Delegates at the 18th annual Coaltrans Asia conference have been urged to participate in the development of renewable energy production in Indonesia. The forum was held in Nusa Dua, Bali, from June 4-6. Indonesian Energy and Mineral Resources minister Jero Wacik officially opened the conference and asked coal entrepreneurs to investigate alternate power sources to invest in.

“Indonesia’s economic growth has reached 6.5%, causing the increase of domestic needs. So we will control the export (of coal) to make the composition of export and domestic secure well,” Jero Wacik said. This does not mean coal mining is prohibited. “Export is still allowed, but we control it to prioritize domestic needs to be fulfilled first. Indonesia is open to foreign investors, not only for coal but also for renewable energy.”

There are claims Indonesia’s export tax will cost the country up to US$11 billion as companies look to other major supply regions to bypass the new fee.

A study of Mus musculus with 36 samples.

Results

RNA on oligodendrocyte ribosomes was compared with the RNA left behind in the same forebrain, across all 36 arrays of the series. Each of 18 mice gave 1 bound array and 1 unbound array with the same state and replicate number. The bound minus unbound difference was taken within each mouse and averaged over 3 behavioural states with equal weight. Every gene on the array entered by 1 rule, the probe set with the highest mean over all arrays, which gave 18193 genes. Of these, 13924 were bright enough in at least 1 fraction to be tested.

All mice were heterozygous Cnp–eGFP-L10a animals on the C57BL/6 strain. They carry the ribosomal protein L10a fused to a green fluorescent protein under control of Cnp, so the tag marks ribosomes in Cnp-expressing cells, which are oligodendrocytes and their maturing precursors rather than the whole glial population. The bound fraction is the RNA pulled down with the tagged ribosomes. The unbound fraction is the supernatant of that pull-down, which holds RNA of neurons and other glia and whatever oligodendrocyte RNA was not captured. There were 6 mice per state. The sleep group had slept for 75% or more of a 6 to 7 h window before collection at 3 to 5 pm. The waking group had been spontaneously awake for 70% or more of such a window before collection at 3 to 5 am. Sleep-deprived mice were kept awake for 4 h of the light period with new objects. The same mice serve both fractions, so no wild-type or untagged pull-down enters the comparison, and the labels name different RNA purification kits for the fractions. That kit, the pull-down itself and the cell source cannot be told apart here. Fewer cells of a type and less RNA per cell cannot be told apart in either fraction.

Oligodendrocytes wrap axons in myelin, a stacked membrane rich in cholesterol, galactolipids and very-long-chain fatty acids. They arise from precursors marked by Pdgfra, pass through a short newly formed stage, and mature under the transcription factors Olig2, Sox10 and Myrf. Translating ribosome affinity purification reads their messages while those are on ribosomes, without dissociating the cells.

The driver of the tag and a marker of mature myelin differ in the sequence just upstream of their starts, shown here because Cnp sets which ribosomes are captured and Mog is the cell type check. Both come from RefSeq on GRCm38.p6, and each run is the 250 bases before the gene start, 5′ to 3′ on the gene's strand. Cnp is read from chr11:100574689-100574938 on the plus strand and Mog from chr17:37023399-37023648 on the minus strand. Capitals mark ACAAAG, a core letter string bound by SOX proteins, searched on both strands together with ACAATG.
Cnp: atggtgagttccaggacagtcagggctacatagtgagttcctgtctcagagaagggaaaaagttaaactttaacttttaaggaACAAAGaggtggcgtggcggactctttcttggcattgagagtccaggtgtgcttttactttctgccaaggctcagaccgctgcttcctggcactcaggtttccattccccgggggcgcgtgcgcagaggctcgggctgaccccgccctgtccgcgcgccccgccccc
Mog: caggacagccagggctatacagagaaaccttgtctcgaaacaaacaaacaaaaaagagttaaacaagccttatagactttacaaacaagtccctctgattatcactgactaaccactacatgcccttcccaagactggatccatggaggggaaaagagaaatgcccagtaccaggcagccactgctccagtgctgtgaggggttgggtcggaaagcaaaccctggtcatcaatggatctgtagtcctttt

The annual Coaltrans conference is a crucial backdrop for global coal producers and traders to learn about what advances in technology have been made.

Senior coal research analyst at Wood Mackenzie Rohan Kendall told delegates Indonesia is likely to remain the largest seaborne thermal coal exporter for the next eight years. ”Indonesian cash costs have doubled since 2006. This was not an issue while coal prices were rising but now that prices have softened it is important to constrain costs to keep projects viable. Even without the imposition of an export tax, Indonesian coal producers may find it difficult to prevent a continuation of cost increase imposition but additional taxes will further exacerbate cost hikes.”

Almost 20% of revenue from coal production in Indonesia already goes to the government in royalties. The proposed export tax could see a 36% hike in cash costs to the coal industry, and could impact on how competitive Indonesian mines will be.

“An Indonesian export tax would have a larger effect than the combined impact of Australia’s minerals resource rent tax (MRRT) and carbon tax, which we estimate will decrease the value of the Australian coal industry by US$9 billion,” said Rohan Kendall.

Delegates discussed the additional increasing costs for future coal production in Indonesia, due to the greenfield areas targeted in South Sumatra and East Kalimantan, which are not located close to the coast, thus inflating transport costs.